The Free Press, Mankato, MN

September 18, 2013

MNsure unveils costs of health plans

by Catharine Richert and Elizabeth Stawicki Minnesota Public Radio, Published Sept. 15, 2013
The Mankato Free Press

---- — ST. PAUL — Uninsured Minnesotans in the Twin Cities can expect to pay as little as $91 a month for health care coverage bought through MNsure, the state's new online marketplace.

State officials released cost and coverage details today, though people won't be able to shop for insurance until Oct. 1, when the website goes live.

"We believe that ... these rates that we're announcing today undeniably are extremely competitive," Minnesota Commerce Department Commissioner Mike Rothman said. His department regulates insurance products.

Initially, state officials were not going to release details on the MNsure plans until Oct. 1. But to drum up interest in the exchange, officials convinced health plan executives to make that information available earlier.

Rothman said that Minnesota has the lowest average rates in the country compared to plans offered on 11 other exchanges. A total of 141 plans for individuals and families will be offered on MNsure, and 63 plans will be available to small businesses.

Premium rates vary by region, age and smoking status.

So, if you're a 25-year-old non-smoker living in the Twin Cities, you can pay $91 a month for a "bronze" plan, the cheapest option on the exchange, which must cover 60 percent of an average individual's medical costs.Larger viewApril Todd-Malmlov

But if you're a 60-year-old in the Twin Cities and want a more robust "platinum" plan, which covers 90 percent of medical costs, you'll see a list price of about $408 a month.

Rates get more expensive if you're buying for an entire family or for employees in a small business. And if you're under 30, you may also qualify for a catastrophic plan, which is cheaper than the least expensive bronze plans.

Those costs are before federal subsidies are taken into account.

• Explainer: Platinum, Gold, Silver and Bronze plans

"Many individuals and small businesses through MNsure will get even lower cost coverage," said MNsure Executive Director April Todd-Malmlov. She said roughly half of the people who use MNsure will be eligible for the subsidies.

Subsidies are available for people with annual incomes of $23,000 to about $46,000. For a family of four, the income range is $47,100 to $94,200. Government health plans are available for people making less.

Broad coverage, skinny networks

At least two insurers will be selling their products in every part of the state. In some places, including the Twin Cities metro area and parts of northern Minnesota, people will be able to choose plans from five insurers.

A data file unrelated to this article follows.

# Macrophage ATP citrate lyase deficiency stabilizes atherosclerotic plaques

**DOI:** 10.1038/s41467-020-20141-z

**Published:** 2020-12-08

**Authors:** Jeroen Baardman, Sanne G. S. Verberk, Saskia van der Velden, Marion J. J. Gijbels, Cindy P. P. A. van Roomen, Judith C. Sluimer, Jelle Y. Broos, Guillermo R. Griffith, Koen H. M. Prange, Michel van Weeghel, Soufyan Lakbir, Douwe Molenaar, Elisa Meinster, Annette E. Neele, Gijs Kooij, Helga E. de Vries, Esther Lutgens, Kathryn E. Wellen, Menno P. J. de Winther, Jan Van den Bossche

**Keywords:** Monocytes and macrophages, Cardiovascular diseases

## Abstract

That's a good thing because there are a lot of people in greater Minnesota who don't have insurance, said Terry Hill, executive director of the National Rural Health Resource Center, based in Duluth.

"The access to insurance is going to be expanding and there's going to be additional support for making that insurance affordable," he said. But Hill is worried that networks available in the plans have left out many rural clinics - facilities that rural Minnesotans count on for primary and comprehensive care.

"It's definitely conceivable that somebody in a remote area of Minnesota will have to travel somewhat of a distance to access the providers that are covered by their insurance plan," he said.

Apples and oranges

Rothman was asked repeatedly if consumers would be saving money in the MNsure marketplace, but said that comparison hadn't been done.

"These are very competitive rates compared to what [people on the individual market] have today," he said.

To some degree, it's an apples and oranges comparison because plans sold on the exchange will look very different than plans now sold on the individual market, Todd-Malmlov said. Deductibles will be capped and each plan has to include a specific set of benefits.

In Minnesota, the average list price for 40-year-old non-smoker would be $154 a month, nearly $50 lower than in Maryland, which also has low rates.

Jean Abraham, a professor at the University of Minnesota's School of Public Health said the rates released today are lower than she expected. The prices may be low because insurance companies want to lure new customers, she said.

"It could be an attempt at getting market share," Abraham said. "We know that for this population, they may not have a lot of experience shopping for health insurance, and we know that lower income individuals tend to be more price-sensitive."

Political volleyball

It didn't take long for both Democrats and Republicans to start spinning the numbers. State Rep. Joe Atkins, who sponsored the House bill that created MNsure, said the rates indicate the theory behind the exchange is working: private insurers are competing for customers, and that is driving down the cost of insurance.

"When I went into this, I had some pretty high expectations - that it would drive up quality and drive down prices. That's what competition does," said Atkins, DFL-Inver Grove Heights. "This knocked my socks off."

Republicans say that Minnesotans will be paying more on MNsure than they would otherwise for health insurance.

"How does making health insurance more expensive encourage more people to get insured?" asked state Rep. Joe Hoppe, R-Chaska.

Atkins said Minnesotans will get more bang for their buck.

"You can go on and buy insurance, and you can buy a piece of crap," Atkins said. "You're buying something that's not worth buying."